Monthly Archives: October 2010
Per the statement, WTC hoped to reduce the number of unused race slots in each race with this program. A worthy cause no doubt, but it seems that there would be other mechanisms for doing this. I still remain confused and skeptical about WTC’s intent. In any case, I applaud them for listening to their community. I’m thinking that someone at WTC is having a really bad day at work though. Like this guy:
Even with the number of triathletes around the world multiplying faster than the national deficit, conquering the 140.6 mile Ironman distance remains a coveted goal shared by a relative few. Unfortunately, the Ironman is now poised to become not just a test of human endurance but also a test of wealth.
Early this week, the World Triathlon Corporation, the entity who owns the rights to the Ironman Triathlon around the world, announced a new method of entering one of their races: The Ironman Access Membership Program. Via ironman.com, the Access program is an “exclusive” membership program that provides its members the ability to register for Ironman Events 1 week prior to when public registration opens. In addition, it provides:
• Exclusive advance registration to Ironman events
• Two VIP passes per registered event
• One-year subscription to LAVA Magazine
• 2011 Ironman Lottery entry plus second chance in the Ironman Lottery program
• 2010 Ford Ironman World Championship NBC broadcast DVD
• 20 percent discounts on Ironman partner products at shopironman.com and on-site event retail stores
• Official membership ID card
With the 1000$ membership fee, which does not include actual race registration fees, this club is undoubtedly exclusive.
Prior to this program, the traditional methods of entering an Ironman included general registration or foundation slots. General registration is obviously the primary method of entering a race, and can be a nerve racking experience; some races sell out in mere hours after opening. The foundation slots enabled wealthy donors the ability to pay a large fee to race, with a portion of that fee going to charity. Finally, another win-win arrangement was that race volunteers, in exchange for their time, were allowed to register before general registration opened.
Judging from the multisport social feeds around the world, the Access Program has been one of the most controversial moves triathlon has seen for a long time. From the standpoint of the World Triathlon Corporation, the benefits and purpose of the Access Program is simple. The average salary of a triathlete is ~126,000$. Many athletes already spend hundreds of dollars traveling to race sites just to volunteer and to be able to register early. Why not charge a little extra money so racers can spend more time at work or with family instead of volunteering? Without a doubt, the cost associated with running an Ironman are extraordinary, and in this economy, everyone needs to find sources of increased revenue.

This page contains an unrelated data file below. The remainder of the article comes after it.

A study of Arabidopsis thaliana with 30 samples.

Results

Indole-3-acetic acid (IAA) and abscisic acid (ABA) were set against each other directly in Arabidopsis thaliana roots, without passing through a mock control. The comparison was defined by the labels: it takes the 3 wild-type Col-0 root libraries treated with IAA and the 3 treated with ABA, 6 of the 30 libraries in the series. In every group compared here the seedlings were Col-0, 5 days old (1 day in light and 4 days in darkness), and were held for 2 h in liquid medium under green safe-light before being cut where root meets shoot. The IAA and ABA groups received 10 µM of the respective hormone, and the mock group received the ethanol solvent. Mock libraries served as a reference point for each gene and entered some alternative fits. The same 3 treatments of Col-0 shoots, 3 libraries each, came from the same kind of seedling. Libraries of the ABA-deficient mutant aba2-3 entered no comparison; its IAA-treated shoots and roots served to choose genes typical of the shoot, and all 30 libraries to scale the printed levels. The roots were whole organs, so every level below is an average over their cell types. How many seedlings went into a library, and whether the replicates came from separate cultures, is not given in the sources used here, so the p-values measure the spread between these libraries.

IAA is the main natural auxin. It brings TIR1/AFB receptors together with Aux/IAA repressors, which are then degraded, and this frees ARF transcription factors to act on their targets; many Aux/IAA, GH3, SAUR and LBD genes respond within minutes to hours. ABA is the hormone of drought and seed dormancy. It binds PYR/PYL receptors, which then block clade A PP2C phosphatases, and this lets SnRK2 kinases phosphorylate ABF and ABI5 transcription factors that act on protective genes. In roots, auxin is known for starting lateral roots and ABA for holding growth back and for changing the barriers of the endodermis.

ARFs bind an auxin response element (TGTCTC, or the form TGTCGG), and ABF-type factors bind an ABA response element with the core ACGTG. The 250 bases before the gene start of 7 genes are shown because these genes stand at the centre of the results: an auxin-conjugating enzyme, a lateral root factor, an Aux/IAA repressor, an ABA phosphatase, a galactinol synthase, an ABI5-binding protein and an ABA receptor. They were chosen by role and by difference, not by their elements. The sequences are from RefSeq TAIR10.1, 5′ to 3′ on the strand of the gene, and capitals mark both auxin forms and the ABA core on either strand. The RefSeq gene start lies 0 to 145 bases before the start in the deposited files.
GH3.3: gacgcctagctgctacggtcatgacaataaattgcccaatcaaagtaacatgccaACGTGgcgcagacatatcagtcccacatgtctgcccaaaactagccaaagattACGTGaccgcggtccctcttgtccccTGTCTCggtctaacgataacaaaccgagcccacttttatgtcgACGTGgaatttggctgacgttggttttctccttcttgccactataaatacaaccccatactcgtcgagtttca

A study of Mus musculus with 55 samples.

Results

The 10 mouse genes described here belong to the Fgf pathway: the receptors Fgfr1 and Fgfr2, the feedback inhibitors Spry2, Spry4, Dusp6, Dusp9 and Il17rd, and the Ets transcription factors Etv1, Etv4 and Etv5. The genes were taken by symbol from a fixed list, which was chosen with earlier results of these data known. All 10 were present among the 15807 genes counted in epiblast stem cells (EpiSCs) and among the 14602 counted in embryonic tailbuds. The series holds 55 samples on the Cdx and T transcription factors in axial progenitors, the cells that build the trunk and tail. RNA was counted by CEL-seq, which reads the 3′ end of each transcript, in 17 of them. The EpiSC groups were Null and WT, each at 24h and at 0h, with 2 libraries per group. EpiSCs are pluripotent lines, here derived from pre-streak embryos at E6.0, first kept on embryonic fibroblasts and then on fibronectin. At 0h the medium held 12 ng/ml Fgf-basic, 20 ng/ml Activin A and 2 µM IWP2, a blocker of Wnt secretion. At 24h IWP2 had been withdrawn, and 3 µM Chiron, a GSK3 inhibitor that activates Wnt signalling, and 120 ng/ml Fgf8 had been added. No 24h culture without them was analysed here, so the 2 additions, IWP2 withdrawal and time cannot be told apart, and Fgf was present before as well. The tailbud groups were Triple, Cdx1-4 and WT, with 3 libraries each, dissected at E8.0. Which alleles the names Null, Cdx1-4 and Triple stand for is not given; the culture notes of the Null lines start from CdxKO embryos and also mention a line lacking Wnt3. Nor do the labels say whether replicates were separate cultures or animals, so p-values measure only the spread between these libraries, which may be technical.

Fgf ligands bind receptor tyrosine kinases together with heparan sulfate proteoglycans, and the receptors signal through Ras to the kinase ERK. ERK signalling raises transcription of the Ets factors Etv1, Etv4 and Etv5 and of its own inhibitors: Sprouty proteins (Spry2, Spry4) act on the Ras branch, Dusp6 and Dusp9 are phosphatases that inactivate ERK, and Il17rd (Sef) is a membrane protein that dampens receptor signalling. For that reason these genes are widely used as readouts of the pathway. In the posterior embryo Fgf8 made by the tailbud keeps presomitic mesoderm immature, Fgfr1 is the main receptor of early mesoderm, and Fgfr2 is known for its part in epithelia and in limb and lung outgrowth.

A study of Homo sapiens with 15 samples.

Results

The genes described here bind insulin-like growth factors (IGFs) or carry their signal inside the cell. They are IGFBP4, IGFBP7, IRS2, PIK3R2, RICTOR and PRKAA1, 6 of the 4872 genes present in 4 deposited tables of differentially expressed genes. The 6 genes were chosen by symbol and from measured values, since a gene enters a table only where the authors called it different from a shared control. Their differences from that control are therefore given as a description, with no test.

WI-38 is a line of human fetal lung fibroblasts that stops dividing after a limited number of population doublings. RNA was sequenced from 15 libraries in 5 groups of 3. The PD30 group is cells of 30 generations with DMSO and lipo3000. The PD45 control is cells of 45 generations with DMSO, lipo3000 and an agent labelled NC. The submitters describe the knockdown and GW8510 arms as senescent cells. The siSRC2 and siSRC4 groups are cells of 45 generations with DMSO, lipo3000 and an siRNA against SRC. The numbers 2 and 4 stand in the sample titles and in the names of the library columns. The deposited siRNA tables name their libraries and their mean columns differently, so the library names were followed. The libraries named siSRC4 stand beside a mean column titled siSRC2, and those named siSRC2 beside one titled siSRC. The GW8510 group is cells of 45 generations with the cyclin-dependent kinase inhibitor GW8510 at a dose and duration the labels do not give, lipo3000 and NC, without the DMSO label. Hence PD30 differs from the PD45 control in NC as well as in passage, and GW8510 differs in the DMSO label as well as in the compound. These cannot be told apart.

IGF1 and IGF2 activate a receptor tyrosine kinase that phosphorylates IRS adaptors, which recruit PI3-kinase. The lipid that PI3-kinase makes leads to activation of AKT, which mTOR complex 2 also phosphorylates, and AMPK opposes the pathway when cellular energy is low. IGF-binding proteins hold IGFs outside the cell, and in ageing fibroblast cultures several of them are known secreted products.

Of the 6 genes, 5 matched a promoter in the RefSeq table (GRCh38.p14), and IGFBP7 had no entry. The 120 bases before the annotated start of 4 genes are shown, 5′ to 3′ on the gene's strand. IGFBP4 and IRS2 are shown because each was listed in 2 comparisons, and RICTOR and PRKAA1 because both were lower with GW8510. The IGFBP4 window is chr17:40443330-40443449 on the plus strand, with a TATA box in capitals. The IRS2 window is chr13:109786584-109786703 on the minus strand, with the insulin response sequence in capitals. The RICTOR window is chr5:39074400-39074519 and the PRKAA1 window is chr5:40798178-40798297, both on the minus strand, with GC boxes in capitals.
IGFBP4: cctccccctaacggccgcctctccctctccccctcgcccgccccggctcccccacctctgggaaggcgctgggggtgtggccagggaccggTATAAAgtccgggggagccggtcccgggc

Ethically, this argument proves sounds to me. If you want to pay more for special treatment, more power to you. Such arrangements have been made in numerous clubs and organizations around the world before the time of recorded history. What is concerning to me is how this program alters the meaning of the Ironman. Personally, the allure and mystique of the Ironman has been its ability to showcase every man and woman’s body, spirit, and dedication to triumph over a seemingly insurmountable task.
The super athletes alone don’t make the race great. Its the regular Joes, the double amputees, and the cancer survivors who have seized the opportunity to prove to themselves, friends, and family what they can do that makes the Ironman special. The Access Program, threatens to upset this image by essentially stating that the Ironman welcomes all those with the dedication to train and endure, but truly caters to those with the endurance AND money. Will non members be view as second class athletes? And when will this trend stop? In the future, can we pay more money for a qualifying spot in Kona? Cash for a time deduction? How about save triathletes lots of time by allowing you to buy the right to call yourself an Ironman for a measly 100,000 dollars?
Of course, such ideas are purely hypothetical exaggerations, but the fact remains that in the eyes of the World Triathlon Corporation, money is more. Only time will tell how successful this program will be. In the meantime, I’ll just keep doing the simple stuff: swimming, riding, and running like there is no tomorrow.